Osu Kannon (大須観音, Ōsu Kannon) is a popular Buddhist temple in central Nagoya. Originally built during the Kamakura Period (1192-1333) in neighboring Gifu Prefecture, the temple was moved to its current site by Tokugawa Ieyasu in 1612 after the original temple had been repeatedly damaged by severe flooding. The current buildings are 20th century reconstructions.
The main object of worship at the temple is a wooden statue of Kannon, the goddess of mercy, which was carved by Kobo Daishi, an instrumental figure in Japanese Buddhism. Underneath Osu Kannon's main hall is the Shinpukuji Library which contains over 15,000 classic Japanese and Chinese texts. Among these texts are several national treasures and important cultural properties, including the oldest copy of the Kojiki, a chronicle of the early history of Japan including its mythological origins.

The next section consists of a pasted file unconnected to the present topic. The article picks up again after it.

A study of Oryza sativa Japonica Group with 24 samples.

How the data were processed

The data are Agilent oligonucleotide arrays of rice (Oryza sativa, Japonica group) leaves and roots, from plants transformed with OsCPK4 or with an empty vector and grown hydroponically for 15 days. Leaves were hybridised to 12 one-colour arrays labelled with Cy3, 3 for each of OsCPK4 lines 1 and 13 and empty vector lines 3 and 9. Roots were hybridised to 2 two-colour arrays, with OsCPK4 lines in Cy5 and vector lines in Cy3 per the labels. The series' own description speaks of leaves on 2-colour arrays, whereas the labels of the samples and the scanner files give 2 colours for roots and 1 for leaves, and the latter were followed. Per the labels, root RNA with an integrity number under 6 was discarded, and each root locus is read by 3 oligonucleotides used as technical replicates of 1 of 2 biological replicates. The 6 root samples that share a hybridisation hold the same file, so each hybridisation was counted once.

A flea market is held on the temple grounds on the 18th and 28th of every month. The modestly sized market includes around 60 stalls selling everything from souvenirs and antiques to clothes and second hand goods. Just beside the temple is the entrance to the Osu Shopping Arcade, a network of aging but charming covered shopping streets with over 400 shops and restaurants. The area is sometimes compared to Tokyo's Akihabara district as there are a lot of stores that specialize in electronics, cosplay, anime, J-pop and idol goods.
Osu Kannon Temple is a few steps from Osu Kannon Station on the Tsurumai Subway Line. From Nagoya Station take the Higashiyama Subway Line and transfer to the Tsurumai Line at Fushimi Station. The one way trip from Nagoya Station to the temple takes about ten minutes and costs 200 yen.
Alternatively, the temple is a 5-10 minute walk from Kamimaezu Station on the Tsurumai and Meijo Subway Lines, via the shopping arcade next to the temple.